Sponsored by ZEISS

By Preston Fassel

“Frontline workers” is a phrase we’ve heard a lot over the last year and with good cause. While we rightly give praise to the firefighters, military personnel and others who risk their lives daily to make our world a better place and keep us safe, we all too often ignore those individuals whose roles may not be as glamorous, but whose vocations are no less dangerous or necessary in making the world a better place: Nurses who expose themselves daily to death and disease; postal employees and other delivery agents who ensure that we receive necessary food and supplies on time; and opticians. Indeed, opticians play a vital—if not underappreciated—role in society, bridging the gap between eye exam and corrective eyewear and contacts, ensuring that a doctor’s prescription is accurately transferred into a pair of lenses in an appropriate pair of well-fitting, good-looking frames for complete patient satisfaction.

It’s a vocation with a fascinating history and legacy all its own, one that made a fantastic evolution from artisanship to science, with a big assist from ZEISS—a company that’s always recognized the value of and need for opticians, and worked to ensure they have the tools and technology necessary to do their jobs. In its earliest iteration, the role of optician was closer to jeweler than technician, utilizing the same skill set they used to polish gemstones to grind ophthalmic lenses. Indeed, the earliest opticians often worked in jewelry shops and were often jewelers themselves. With the advent of more advanced optical science in the 20th century, that began to change, especially with the 1912 introduction of the Punktal Lens, perhaps THE game changer of the optician trade. The Punktal was the product of ZEISS, itself a collaboration between Carl Zeiss, who started the company manufacturing scientific microscopes, and Ernst Abbe, a physicist who created the Abbe Value of optical clarity and also formed the Carl Zeiss Foundation. ZEISS was born out of a desire to bring science and engineering to the optical field, and in 1908 they tasked one of their scientists, Moritz von Rohr, with investigating possible improvements to eyeglass lenses as a means of bringing opticianry out of the artisanal 19th century and into the scientific 20th. The culmination of this was the Punktal lens, a groundbreaking innovation by Rohr and Allvar Gullstrand that wasn’t only the first scientifically computed optical lens, but the first to provide wearers with point-focal images in every viewing direction. It was a seminal moment not just in the history of optics but for opticians, who could now realize their true calling to use sound scientific methodology and technology to provide patients with the best visual correction possible. It was the birth of modern opticianry.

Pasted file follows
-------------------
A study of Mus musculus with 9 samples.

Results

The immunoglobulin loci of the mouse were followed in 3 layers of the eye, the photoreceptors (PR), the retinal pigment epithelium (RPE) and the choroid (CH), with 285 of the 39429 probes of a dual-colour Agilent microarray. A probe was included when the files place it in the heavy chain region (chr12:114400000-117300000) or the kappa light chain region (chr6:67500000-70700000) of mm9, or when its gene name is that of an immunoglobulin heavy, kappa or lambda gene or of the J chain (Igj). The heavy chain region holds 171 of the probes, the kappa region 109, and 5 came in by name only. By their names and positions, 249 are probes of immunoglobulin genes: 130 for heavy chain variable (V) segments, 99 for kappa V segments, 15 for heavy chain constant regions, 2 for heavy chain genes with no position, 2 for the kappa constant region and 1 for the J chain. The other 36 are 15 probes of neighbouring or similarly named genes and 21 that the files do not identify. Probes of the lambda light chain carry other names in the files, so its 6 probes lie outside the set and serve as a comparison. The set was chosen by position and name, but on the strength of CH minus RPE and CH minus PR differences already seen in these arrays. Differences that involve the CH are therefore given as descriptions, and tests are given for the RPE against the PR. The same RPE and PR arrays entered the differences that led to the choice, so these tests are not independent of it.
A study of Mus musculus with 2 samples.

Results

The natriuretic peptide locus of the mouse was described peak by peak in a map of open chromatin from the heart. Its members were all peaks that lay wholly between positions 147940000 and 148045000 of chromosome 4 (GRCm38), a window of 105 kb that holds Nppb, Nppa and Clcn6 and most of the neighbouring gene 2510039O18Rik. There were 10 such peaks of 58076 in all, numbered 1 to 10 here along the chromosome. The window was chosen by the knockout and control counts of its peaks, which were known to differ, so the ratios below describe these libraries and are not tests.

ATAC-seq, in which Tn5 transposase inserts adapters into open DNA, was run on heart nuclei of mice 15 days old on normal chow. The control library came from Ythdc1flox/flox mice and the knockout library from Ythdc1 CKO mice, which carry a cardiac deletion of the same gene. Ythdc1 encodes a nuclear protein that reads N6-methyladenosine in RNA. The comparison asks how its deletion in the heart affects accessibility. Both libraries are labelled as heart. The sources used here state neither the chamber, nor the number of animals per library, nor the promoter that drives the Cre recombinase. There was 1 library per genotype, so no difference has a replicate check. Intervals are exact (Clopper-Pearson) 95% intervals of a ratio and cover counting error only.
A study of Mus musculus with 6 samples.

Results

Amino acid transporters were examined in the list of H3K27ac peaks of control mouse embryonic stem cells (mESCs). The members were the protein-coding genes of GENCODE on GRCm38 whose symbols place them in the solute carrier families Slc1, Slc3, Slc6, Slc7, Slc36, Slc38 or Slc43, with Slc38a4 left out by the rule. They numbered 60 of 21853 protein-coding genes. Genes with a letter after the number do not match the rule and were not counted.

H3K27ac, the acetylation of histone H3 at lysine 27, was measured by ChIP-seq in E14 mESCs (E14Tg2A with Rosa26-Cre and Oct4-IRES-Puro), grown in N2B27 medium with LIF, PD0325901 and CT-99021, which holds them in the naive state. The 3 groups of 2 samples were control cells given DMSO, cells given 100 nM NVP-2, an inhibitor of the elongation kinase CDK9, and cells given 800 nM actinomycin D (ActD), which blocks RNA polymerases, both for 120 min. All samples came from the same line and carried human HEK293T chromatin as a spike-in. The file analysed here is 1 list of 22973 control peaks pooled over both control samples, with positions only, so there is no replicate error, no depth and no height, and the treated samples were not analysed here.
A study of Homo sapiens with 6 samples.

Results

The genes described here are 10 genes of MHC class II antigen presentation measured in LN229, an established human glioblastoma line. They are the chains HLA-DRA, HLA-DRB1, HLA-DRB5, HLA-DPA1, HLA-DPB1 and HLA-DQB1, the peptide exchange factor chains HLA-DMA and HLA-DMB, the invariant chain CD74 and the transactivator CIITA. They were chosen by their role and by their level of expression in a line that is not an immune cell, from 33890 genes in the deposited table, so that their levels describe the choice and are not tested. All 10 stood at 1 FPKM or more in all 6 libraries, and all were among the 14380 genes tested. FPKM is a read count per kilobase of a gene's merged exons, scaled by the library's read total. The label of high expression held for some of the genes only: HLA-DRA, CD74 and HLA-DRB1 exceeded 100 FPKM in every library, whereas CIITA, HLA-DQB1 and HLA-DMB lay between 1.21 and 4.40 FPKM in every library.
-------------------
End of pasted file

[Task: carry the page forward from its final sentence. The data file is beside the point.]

Ever since, opticians have played a vital scientifically-minded role in the eyecare field, analogous to nurses in a PCP setting or pharmacists in a drug store (pharmacists and opticians share “dispensary” as the name of their place of business). When an OD passes off a patient to an optician, they aren’t delivering them into the hands of a salesperson—it’s a transition of trust and authority from one professional to another, to ensure that the patient will continue to be cared for by someone with the highest level of knowledge in their field. Indeed, a professional optician’s invaluable expertise in lens selection, fitting, measuring and adjusting the perfect frame is imperative to lens performance and aesthetics. As we move into the 21st century, we enter a new and even more exciting age of opticianry, as organizations and companies continue to help hone the craft and provide new, improved technology to aid opticians in their duties. Among those are the Carl Zeiss Foundation, all of whose profits are reinvested into advanced optical research at leading global universities and science education, in order to not only keep developing modern optical technology, but to educate the next generation of scientists and opticians who will continue to carry the torch into the latter half of this century and beyond.

Being an optician may be a profession, but it’s so much more than that—it’s a calling, a vocation and a way of life. While anyone can frame style and sell glasses, it takes a special person with a special calling to be a true optician. Anyone who bears the title should be proud not just of their job and the work they do, but their role in providing a key service and making the world a better place.

Learn about more than 100 years of ophthalmic lens research and development with our CE, “Ophthalmic Lenses – Then and Now” at 2020mag.com/ce. This course is free, supported by an educational grant from ZEISS.